Ask a dog to do a trick and they'll give it a try. For a reward, sausage say, they'll happily keep at it. But if one dog gets no reward, and then sees another get sausage for doing the same trick, just try to get the first one to do it again
Randolph E. Schmid / The Associated Press
What parent hasn't heard that from a child who thinks another youngster got more of something. Well, it turns out dogs can react the same way.
Ask them to do a trick and they'll give it a try. For a reward, sausage say, they'll happily keep at it.
But if one dog gets no reward, and then sees another get sausage for doing the same trick, just try to get the first one to do it again.
Indeed, he may even turn away and refuse to look at you.
Dogs, like people and monkeys, seem to have a sense of fairness.
"Animals react to inequity," said Friederike Range of the University of Vienna, Austria, who lead a team of researchers testing animals at the school's Clever Dog Lab. "To avoid stress, we should try to avoid treating them differently."
Similar responses have been seen in monkeys.
Range said she wasn't surprised at the dogs reaction, since wolves are known to cooperate with one another and appear to be sensitive to each other. Modern dogs are descended from wolves.
Next, she said, will be experiments to test how dogs and wolves work together. "Among other questions, we will investigate how differences in emotions influence cooperative abilities," she said via e-mail.
In the reward experiments reported in Tuesday's edition of Proceedings of the National Academy of Sciences, Range and colleagues experimented with dogs that understood the command "paw," to place their paw in the hand of a researcher. It's the same game as teaching a dog to "shake hands."
Those that refused at the start - and one border collie that insisted on trying to herd other dogs - were removed. That left 29 dogs to be tested in varying pairs.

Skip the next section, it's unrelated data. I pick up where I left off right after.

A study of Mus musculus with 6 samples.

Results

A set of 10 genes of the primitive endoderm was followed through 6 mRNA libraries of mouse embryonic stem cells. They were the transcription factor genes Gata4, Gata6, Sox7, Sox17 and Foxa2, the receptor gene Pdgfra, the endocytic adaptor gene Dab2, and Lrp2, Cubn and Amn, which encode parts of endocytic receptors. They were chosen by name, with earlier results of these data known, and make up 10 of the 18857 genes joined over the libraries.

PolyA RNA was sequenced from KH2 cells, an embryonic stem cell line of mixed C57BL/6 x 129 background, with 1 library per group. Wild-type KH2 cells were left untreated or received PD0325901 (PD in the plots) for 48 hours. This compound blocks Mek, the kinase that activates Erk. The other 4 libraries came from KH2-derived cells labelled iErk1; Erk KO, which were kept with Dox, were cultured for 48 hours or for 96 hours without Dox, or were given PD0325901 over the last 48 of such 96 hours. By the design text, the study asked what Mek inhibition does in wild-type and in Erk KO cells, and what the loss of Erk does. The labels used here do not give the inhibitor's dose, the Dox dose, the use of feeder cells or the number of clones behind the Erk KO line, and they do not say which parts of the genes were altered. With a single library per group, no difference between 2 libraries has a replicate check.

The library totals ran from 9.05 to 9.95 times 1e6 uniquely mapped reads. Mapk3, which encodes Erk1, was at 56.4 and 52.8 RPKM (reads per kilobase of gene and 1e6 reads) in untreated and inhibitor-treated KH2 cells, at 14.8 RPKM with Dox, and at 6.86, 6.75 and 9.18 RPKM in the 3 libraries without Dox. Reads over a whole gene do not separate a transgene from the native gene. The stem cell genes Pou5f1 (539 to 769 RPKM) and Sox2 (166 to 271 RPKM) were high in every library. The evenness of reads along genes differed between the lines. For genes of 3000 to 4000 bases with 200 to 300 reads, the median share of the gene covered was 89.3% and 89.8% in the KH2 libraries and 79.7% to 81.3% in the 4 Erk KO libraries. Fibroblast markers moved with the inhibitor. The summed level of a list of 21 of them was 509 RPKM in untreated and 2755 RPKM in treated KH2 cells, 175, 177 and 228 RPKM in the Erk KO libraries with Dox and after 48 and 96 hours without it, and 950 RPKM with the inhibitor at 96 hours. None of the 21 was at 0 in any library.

The dogs sat side-by-side with an experimenter in front of them. In front of the experimenter was a divided food bowl with pieces of sausage on one side and brown bread on the other.
The dogs were asked to shake hands and each could see what reward the other received.
When one dog got a reward and the other didn't, the unrewarded animal stopped playing.
When both got a reward all was well.
One thing that did surprise the researchers was that - unlike primates - the dogs didn't seem to care whether the reward was sausage or bread.
Possibly, they suggested, the presence of a reward was so important it obscured any preference. Other possibilities, they said, are that daily training with their owners overrides a preference, or that the social condition of working next to a partner increased their motivation regardless of which reward they got.
And the dogs never rejected the food, something that primates had done when they thought the reward was unfair.
The dogs, the researchers said, "were not willing to pay a cost by rejecting unfair offers."
Clive Wynne, an associate professor in the psychology department of the University of Florida, isn't so sure the experiment measures the animals reaction to fairness.
"What it means is individuals are responding negatively to being treated less well," he said in a telephone interview.
But the researchers didn't do a control test that had been done in monkey studies, Wynne said, in which a preferred reward was visible but not given to anyone.
In that case the monkeys went on strike because they could see the better reward but got something lesser.
In dogs, he noted, the quality of reward didn't seem to matter, so the test only worked when they got no reward at all, he said.
However, Wynne added, there is "no doubt in my mind that dogs are very, very sensitive to what people are doing and are very smart."